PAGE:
Friday, May 28, 2010

BookExpo 2010 Report

Before the start of the long weekend, I wanted to mention a couple of things I noticed during my day-long trip to BookExpo America on Wednesday. I’ll start by saying that this year’s show, personally, proved to be quite a bit of an improvement over last year’s show.

Aside from the fact that I didn’t have to sneak into the show, then sneak around the show as I did last year (yeah, that’s a long and interesting story for another day), this year’s BEA was a completely different world for me.

I was there to learn, and to observe, and to pretty much soak in every bit of knowledge I could from the (incredibly smart) people I work for and with. I attended an interesting panel on e-book publishing, where--surprise!--we found out that e-book sales are on the rise.

More interestingly for readers of this site, though, was the fact that the speaker’s only hands-on demonstration of the presentation came when he lifted up his i-Pad, clicked the little button, opened up the Marvel Comics app, and said, smugly, “Obviously, for comics and graphics novels, this is the game changer.”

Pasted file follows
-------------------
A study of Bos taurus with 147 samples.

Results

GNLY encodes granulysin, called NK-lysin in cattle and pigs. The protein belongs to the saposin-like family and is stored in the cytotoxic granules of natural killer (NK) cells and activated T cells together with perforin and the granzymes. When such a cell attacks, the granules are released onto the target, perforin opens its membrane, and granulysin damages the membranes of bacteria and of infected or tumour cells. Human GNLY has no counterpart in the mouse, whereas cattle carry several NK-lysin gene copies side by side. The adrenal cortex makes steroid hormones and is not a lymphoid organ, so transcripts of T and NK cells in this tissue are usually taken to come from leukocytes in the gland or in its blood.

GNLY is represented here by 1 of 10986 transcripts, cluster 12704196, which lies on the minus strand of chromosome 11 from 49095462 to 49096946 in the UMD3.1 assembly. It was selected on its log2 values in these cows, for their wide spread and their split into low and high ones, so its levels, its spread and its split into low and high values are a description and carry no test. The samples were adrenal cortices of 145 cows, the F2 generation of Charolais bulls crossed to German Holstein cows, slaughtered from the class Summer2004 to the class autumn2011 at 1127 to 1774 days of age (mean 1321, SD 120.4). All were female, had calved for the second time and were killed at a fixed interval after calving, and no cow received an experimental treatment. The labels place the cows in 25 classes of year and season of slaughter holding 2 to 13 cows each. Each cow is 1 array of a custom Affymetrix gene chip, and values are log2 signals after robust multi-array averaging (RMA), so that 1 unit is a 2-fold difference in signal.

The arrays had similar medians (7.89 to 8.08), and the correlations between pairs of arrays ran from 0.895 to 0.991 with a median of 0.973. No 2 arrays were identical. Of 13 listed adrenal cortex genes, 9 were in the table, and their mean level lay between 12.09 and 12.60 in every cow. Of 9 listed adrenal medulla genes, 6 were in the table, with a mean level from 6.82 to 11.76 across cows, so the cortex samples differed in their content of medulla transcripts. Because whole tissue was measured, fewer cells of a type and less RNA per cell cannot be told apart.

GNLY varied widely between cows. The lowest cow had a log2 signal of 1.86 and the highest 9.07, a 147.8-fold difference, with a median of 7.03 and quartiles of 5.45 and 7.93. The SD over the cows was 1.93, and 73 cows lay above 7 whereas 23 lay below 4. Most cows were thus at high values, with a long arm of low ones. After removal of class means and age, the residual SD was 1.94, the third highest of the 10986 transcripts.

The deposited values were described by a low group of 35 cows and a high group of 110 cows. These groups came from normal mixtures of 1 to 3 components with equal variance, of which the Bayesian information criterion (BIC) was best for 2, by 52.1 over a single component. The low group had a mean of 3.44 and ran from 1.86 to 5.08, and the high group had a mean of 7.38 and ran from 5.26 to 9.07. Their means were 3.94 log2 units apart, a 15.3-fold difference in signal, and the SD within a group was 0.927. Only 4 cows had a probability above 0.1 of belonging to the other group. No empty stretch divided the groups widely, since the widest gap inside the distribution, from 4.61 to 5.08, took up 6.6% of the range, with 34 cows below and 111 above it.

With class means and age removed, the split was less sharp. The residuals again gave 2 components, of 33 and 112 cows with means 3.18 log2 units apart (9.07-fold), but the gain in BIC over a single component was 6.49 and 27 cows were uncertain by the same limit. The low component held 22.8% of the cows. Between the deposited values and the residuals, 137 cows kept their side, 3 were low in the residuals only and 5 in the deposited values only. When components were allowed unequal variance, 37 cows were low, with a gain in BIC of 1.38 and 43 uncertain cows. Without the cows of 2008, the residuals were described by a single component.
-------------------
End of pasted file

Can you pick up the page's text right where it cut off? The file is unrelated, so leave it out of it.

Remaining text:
Speaking of comics, the major publishers were all well represented at the show--I walked by the Marvel, Image, Zenoscope, IDW, and BOOM! booths, and I stopped and had a nice chat at the Dark Horse booth.

Aside from the comics presence at the show, every publisher on the planet was on display. And, while the show was shortened to two days this year (though I just read that they are bumping it back up to three days next time around) and the show was limited to one floor at the Javitz Center instead of two, there was a buzz and a feeling that simply didn't exist last year.

Sadly, there were many familiar faces I was hoping to see, but didn't, because of a plethora of reasons. (Though most of them rhyme with "lay-offs.")

The shortened schedule and the smaller venue really drew the people, and there were times during the day when walking through the (large) aisles was difficult and time consuming. In that sense, it reminded me a lot of a comics convention--a feeling that's directly opposite of what last year's show was like.

And there's more good news.

People seemed happier and more energetic this year than last. Sure, that's a huge generalization, and sure, it's good for business to smile at your booth, but there was a much more relaxed, jovial atmosphere at the show.

There were, however, many fewer "freebies" and handouts from the publishers--even the big boys. Signs of the times, I guess. All in all, the show seemed utterly appropriate for the current book market. Not too big, not too small, cautious in approach, but hopeful (and prepared) for the future.